Christopher Columbus and the New World HTML version

The Last Voyage
The four ships that made up the Admiral's fleet on his fourth and last voyage were all
small caravels, the largest only of seventy tons and the smallest only of fifty. Columbus
chose for his flagship the Capitana, seventy tons, appointing Diego Tristan to be his
captain. The next best ship was the Santiago de Palos under the command of Francisco
Porras; Porras and his brother Diego having been more or less foisted on to Columbus by
Morales, the Royal Treasurer, who wished to find berths for these two brothers-in-law of
his. We shall hear more of the Porras brothers. The third ship was the Gallega, sixty tons,
a very bad sailer indeed, and on that account entrusted to Bartholomew Columbus, whose
skill in navigation, it was hoped, might make up for her bad sailing qualities.
Bartholomew had, to tell the truth, had quite enough of the New World, but he was too
loyal to Christopher to let him go alone, knowing as he did his precarious state of health
and his tendency to despondency. The captain of the Gallega was Pedro de Terreros, who
had sailed with the Admiral as steward on all his other voyages and was now promoted to
a command. The fourth ship was called the Vizcaina, fifty tons, and was commanded by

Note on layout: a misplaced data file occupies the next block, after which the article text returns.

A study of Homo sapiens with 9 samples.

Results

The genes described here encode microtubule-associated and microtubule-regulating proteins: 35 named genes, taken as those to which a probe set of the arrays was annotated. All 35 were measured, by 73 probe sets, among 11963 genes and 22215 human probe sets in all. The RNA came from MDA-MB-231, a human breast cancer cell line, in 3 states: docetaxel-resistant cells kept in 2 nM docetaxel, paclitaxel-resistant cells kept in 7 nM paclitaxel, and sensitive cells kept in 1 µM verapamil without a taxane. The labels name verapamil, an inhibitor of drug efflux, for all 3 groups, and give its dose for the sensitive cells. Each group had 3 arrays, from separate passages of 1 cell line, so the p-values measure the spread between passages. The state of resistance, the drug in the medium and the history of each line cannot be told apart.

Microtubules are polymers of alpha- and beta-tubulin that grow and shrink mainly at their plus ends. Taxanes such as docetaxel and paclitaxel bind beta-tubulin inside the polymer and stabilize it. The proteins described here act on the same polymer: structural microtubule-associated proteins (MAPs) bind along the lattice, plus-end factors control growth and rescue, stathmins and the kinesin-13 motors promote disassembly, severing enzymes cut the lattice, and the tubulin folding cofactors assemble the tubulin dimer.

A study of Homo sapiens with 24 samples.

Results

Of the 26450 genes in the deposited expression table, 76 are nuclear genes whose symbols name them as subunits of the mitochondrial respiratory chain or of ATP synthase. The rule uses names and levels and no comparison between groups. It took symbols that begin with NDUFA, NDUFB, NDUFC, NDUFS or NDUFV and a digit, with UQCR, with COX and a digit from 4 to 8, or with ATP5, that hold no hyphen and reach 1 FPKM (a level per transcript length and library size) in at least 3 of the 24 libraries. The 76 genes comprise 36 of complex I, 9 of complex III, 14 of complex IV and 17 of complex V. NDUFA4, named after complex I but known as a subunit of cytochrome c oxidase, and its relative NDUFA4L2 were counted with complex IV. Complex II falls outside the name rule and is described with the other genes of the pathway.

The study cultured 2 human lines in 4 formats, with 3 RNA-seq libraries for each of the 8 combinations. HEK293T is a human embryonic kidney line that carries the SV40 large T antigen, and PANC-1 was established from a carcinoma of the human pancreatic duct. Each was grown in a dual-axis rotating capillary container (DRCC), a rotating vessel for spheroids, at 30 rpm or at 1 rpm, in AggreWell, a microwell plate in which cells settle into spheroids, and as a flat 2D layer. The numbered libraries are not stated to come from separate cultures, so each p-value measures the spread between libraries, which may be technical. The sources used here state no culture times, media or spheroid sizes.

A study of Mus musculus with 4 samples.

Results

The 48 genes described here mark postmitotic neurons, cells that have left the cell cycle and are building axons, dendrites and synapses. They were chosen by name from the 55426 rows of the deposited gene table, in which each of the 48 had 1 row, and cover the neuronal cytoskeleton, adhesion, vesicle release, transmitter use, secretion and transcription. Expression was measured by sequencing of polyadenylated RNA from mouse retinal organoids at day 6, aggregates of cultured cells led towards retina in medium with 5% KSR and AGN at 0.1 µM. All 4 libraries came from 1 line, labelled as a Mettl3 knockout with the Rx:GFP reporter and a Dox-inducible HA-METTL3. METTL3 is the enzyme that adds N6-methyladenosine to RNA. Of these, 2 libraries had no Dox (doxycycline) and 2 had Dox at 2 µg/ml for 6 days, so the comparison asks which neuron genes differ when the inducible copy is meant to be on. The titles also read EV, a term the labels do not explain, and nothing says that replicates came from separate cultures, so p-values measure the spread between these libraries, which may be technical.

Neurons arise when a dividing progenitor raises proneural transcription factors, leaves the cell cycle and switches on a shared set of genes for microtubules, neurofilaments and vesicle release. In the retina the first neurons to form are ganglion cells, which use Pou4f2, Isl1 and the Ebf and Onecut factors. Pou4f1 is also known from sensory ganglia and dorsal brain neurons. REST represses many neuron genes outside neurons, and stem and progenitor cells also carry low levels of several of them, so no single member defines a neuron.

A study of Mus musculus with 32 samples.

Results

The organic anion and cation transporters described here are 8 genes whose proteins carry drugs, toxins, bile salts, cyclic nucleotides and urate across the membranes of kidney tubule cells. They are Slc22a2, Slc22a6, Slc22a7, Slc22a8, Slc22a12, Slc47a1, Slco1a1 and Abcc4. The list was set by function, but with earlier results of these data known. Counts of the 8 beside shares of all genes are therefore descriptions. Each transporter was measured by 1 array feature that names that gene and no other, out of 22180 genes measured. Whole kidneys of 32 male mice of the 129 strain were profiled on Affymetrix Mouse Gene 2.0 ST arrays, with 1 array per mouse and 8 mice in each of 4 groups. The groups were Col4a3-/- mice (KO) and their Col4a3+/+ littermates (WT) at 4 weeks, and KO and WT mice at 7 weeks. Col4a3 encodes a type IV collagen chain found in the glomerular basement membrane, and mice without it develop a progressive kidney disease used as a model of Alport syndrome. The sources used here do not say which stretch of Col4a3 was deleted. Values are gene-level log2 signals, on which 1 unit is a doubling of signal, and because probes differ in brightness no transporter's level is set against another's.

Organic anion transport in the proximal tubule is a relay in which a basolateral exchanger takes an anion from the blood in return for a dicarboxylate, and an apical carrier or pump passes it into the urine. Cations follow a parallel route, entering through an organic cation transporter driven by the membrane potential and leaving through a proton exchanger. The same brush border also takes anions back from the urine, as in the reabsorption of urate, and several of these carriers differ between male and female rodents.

Bartolome Fieschi, a friend of Columbus's from Genoa, and a very sound, honourable
man. There were altogether 143 souls on board the four caravels.
The fleet as usual made the Canary Islands, where they arrived on the 20th of May, and
stopped for five days taking in wood and water and fresh provisions. Columbus was
himself again—always more himself at sea than anywhere else; he was following a now
familiar road that had no difficulties or dangers for him; and there is no record of the
voyage out except that it was quick and prosperous, with the trade wind blowing so
steadily that from the time they left the Canaries until they made land twenty days later
they had hardly to touch a sheet or a halliard. The first land they made was the island of
Martinique, where wood and water were taken in and the men sent ashore to wash their
linen. To young Ferdinand, but fourteen years old, this voyage was like a fairy tale come
true, and his delight in everything that he saw must have added greatly to Christopher's
pleasure and interest in the voyage. They only stayed a few days at Martinique and then
sailed westward along the chain of islands until they came to Porto Rico, where they put
in to the sunny harbour which they had discovered on a former voyage.
It was at this point that Columbus determined, contrary to his precise orders, to stand
across to Espanola. The place attracted him like a magnet; he could not keep away from
it; and although he had a good enough excuse for touching there, it is probable that his
real reason was a very natural curiosity to see how things were faring with his old enemy
Bobadilla. The excuse was that the Gallega, Bartholomew's ship, was so unseaworthy as
to be a drag on the progress of the rest of the fleet and a danger to her own crew. In the
slightest sea-way she rolled almost gunwale under, and would not carry her sail; and
Columbus's plan was to exchange her for a vessel out of the great fleet which he knew
had by this time reached Espanola and discharged its passengers.